Food for Life – Celiac disease

Of all the living organisms that God has created, none rank in the scale of value with him anywhere near to man. And if human beings would become intelligent in regard to their own bodies, and understand their relation to life and health, and regulate their habits of eating, of dressing, of working and resting, their lives would be prolonged in health and happiness.” The Health Reformer, June 1, 1873.

This is especially true of people who have a gluten intolerance or Celiac disease. “Better awareness of ‘non-classical’ disease and improved screening tests suggest that the prevalence of celiac disease is underestimated in most populations. It is surprisingly common (1 of 250 people in the United States are positive for celiac disease antibody), where overt disease in the United States is uncommon.” C. Robert Dahl, M.D., “Celiac Disease: The Great Mimic,” Presentation at the 23rd Annual CSA Conference, September 2000, Lifeline, Spring 2001.

Celiac disease may present in many varied ways and relate to the damage done to the lining of the intestine. Symptoms can include: recurring abdominal pain and bloating, chronic diarrhea, excessive rectal gas, weight loss, mouth sores, fatigue, iron deficiency anemia, swelling, fluid in the abdomen, behavior changes, mood disorders, growth retardation, or with few or no apparent symptoms at all. It has been noted that the longer the person is exposed to gluten, the greater the risk of other autoimmunity developing in other organ systems.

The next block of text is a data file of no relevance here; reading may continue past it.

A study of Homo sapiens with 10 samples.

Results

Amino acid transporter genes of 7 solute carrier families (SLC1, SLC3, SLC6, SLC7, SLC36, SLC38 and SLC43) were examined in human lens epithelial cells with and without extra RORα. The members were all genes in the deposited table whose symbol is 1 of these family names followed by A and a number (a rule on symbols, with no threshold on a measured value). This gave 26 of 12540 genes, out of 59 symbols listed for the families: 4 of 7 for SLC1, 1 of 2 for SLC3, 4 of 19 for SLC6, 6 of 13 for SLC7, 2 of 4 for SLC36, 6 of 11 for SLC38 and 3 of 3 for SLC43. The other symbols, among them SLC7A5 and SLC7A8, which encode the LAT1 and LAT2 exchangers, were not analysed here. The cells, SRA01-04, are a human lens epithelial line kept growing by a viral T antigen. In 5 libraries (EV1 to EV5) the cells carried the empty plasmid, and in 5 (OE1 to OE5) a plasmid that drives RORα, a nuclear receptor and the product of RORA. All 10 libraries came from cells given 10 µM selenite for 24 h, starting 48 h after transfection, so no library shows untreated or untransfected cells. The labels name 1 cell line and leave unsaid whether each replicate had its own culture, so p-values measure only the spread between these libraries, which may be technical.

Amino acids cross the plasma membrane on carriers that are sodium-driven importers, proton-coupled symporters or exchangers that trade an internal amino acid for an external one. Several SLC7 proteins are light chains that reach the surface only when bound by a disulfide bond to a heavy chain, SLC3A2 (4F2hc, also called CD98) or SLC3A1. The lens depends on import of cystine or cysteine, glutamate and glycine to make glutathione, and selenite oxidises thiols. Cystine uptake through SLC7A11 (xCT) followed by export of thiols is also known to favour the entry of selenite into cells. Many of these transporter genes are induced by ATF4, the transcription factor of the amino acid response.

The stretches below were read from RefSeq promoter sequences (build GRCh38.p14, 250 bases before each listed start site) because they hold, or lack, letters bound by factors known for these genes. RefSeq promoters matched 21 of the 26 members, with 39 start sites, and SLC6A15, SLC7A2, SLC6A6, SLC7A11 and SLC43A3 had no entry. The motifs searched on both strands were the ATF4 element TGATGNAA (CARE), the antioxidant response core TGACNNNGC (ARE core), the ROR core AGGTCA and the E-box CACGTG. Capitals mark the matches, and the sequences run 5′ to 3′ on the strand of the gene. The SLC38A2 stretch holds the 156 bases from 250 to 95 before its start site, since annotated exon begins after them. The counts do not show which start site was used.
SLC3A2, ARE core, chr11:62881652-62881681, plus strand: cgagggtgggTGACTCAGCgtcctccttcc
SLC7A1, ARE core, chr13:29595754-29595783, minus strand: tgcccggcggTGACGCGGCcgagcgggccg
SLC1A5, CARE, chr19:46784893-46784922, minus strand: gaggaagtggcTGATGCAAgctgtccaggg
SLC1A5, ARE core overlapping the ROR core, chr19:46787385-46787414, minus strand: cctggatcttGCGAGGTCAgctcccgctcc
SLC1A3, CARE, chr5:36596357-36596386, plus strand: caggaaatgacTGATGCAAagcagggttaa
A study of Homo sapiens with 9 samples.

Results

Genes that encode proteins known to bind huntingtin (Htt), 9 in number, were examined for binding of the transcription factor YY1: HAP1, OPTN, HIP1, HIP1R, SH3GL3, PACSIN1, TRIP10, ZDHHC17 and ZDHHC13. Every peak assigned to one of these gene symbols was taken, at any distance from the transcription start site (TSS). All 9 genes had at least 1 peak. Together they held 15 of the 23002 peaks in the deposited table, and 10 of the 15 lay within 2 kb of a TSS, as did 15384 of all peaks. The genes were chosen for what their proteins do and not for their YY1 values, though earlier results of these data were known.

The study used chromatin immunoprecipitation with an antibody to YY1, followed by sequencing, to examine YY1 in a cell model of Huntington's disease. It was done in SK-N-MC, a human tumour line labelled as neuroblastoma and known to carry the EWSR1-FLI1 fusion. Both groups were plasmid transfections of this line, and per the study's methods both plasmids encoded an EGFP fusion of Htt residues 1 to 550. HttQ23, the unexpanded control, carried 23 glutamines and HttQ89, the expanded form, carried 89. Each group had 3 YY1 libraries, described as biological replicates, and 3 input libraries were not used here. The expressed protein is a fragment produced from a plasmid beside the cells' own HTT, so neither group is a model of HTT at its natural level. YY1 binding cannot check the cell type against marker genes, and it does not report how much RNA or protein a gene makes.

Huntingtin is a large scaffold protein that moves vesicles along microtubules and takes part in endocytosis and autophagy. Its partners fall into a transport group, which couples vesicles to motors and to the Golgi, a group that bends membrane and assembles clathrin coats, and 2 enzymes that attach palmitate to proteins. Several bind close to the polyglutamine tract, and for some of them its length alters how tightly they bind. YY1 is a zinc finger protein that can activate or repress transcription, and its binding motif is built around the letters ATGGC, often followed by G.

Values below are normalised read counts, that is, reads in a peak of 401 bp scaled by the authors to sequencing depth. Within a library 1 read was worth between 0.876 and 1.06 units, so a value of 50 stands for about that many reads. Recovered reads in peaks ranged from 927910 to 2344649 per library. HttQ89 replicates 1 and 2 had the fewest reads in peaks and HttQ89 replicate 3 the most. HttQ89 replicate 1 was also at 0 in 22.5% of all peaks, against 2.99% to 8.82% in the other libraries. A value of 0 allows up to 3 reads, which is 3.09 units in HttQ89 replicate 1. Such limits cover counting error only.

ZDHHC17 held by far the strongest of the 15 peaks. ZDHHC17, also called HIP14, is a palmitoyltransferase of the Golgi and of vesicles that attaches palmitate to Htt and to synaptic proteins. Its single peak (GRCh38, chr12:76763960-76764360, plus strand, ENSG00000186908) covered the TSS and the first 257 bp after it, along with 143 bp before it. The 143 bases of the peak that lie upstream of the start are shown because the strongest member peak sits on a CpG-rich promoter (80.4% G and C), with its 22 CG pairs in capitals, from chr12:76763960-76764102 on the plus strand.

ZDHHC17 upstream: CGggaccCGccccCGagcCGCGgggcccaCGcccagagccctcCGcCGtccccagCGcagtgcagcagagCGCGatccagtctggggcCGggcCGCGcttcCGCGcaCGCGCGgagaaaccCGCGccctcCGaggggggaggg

The treatment is related to diet, and involves a diet as close to an absolute gluten-free diet that can be achieved for life. Another important treatment is initial avoidance of dairy products and replacement of nutritional deficiencies that may result from a diseased intestine. Most people will see improvement within two weeks after removal of gluten from the diet. Others may take longer. Gluten is found in wheat, barley, rye, and, to a lesser extent, oats.

If you suffer from any of the symptoms mentioned and have just endured them, you might try putting yourself on a gluten free diet, and definitely consult your health care professional for diagnosis of your symptoms. This year at camp meeting a gluten free alternative was available at each meal. Following are some of the gluten free options that were provided. Please note that these recipes may be enjoyed by the entire family.